You're talking to a new friend about your relationship with your parents. They are both very successful people professionally: your father is a doctor, and your mother is a judge. This is what you tell your friends.
They set a pretty high bar for me.
You use "pretty" before an adjective to show how much of that quality something has.
"Pretty ___" is somewhere between "kind of " and "really". It basically means "a little more than you expected". For example:
This soup is actually pretty good.
I think I have a pretty good shot at getting the job.
That song is pretty catchy.
"Setting a bar" or "setting the bar" means making a standard or level that other people or things will have to meet.
For example, if you are older than your other siblings, and you get great grades in school, your parents will expect your other brothers and sisters to do do well in school as well. You've "set the bar" for them. Specifically, you've "set a high bar" for them, because they'll have to work hard to do as well as you.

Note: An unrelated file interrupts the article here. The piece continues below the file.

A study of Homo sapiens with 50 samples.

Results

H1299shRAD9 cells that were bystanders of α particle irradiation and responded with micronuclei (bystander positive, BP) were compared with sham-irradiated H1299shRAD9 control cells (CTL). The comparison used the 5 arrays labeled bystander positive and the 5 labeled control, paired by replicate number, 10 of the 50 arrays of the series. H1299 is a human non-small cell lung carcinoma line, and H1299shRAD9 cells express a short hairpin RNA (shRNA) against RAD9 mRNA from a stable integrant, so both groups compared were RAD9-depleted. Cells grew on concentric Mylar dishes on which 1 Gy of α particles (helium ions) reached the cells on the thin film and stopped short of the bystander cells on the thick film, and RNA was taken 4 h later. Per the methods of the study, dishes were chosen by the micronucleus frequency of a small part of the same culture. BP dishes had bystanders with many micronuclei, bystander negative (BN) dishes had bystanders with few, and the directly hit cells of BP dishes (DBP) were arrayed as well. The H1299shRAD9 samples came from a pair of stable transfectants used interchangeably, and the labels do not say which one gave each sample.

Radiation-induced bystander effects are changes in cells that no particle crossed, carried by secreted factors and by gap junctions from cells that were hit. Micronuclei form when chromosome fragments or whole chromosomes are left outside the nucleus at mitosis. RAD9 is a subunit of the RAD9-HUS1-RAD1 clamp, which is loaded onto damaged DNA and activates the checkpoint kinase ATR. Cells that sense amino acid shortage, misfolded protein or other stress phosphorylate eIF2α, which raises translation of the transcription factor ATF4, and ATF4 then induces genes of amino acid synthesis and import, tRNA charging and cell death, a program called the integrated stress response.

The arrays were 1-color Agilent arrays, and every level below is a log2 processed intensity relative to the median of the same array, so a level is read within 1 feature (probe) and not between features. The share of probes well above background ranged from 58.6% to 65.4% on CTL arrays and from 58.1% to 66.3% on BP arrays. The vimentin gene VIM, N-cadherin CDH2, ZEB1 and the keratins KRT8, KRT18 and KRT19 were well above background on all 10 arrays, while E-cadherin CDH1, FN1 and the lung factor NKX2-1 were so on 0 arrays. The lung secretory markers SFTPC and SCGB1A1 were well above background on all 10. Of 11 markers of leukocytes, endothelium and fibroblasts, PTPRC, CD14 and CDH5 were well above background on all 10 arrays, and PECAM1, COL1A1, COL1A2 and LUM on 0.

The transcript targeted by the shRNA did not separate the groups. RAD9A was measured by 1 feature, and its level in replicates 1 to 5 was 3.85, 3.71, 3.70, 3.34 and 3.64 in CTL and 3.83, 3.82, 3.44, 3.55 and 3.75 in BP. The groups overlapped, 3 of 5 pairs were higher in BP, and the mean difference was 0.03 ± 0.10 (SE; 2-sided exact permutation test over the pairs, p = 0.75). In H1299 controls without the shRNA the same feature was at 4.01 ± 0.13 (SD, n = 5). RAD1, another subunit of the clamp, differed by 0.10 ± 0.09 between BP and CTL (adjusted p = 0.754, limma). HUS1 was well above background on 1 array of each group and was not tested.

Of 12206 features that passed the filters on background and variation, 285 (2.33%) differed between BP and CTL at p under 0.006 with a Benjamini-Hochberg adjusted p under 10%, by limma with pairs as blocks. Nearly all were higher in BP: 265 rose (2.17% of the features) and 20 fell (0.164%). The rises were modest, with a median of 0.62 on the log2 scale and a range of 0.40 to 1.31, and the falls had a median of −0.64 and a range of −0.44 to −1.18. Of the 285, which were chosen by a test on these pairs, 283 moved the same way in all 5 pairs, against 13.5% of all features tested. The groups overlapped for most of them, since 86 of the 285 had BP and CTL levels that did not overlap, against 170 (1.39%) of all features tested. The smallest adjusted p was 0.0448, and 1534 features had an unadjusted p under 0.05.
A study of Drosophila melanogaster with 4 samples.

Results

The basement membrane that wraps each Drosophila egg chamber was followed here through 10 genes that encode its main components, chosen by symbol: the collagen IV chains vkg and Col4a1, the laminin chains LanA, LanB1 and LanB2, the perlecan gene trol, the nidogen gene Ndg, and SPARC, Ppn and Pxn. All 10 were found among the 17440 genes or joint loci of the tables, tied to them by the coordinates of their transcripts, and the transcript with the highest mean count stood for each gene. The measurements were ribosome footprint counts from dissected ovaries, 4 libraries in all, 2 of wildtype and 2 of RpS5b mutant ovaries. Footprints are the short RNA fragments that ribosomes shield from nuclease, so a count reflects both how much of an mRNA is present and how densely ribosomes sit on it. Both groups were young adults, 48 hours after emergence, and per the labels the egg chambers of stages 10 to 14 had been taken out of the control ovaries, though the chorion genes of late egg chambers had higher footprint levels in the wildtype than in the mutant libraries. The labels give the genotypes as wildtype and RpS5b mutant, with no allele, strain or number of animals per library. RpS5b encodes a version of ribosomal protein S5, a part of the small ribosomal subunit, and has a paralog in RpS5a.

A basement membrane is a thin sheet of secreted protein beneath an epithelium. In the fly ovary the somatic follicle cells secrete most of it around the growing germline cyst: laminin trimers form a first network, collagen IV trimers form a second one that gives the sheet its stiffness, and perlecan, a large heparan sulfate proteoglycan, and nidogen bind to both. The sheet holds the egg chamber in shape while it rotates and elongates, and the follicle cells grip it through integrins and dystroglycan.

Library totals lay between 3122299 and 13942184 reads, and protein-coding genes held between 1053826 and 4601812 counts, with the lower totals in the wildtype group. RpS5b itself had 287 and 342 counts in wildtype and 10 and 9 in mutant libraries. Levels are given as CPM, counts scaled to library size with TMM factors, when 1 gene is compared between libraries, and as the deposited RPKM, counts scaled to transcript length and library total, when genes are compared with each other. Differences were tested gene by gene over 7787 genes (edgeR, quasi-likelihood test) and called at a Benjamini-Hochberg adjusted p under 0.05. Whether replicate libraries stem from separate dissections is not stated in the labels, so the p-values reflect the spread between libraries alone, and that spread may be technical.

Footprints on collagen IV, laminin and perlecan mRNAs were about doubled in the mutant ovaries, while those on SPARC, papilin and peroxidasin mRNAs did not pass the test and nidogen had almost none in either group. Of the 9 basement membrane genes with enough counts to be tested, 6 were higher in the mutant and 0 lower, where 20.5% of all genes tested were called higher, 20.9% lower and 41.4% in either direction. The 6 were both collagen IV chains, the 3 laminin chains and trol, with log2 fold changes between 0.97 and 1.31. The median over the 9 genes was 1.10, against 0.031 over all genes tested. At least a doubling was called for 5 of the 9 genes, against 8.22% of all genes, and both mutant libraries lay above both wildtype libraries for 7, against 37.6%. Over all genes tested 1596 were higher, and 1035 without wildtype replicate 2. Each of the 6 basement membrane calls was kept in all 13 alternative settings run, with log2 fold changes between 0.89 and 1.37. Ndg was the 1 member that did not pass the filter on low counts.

You can also "set a low bar". For example, if you're going to watch an action movie with a friend, and she says "I just hope it's better than (some really bad movie)", you can say:
You're setting the bar kind of low, don't you think?
You can set a high or low bar on purpose, by deciding and announcing your expectations:
I try to set the bar very high for my students. I expect a lot out of them, and I think that's why they turn out to be so successful.
Or you can "set the bar" with your own actions.
The first performance really set the bar for this whole competition.
This expression seems to come from the sport of high jumping, in which jumpers have to try to jump over a bar set at certain heights.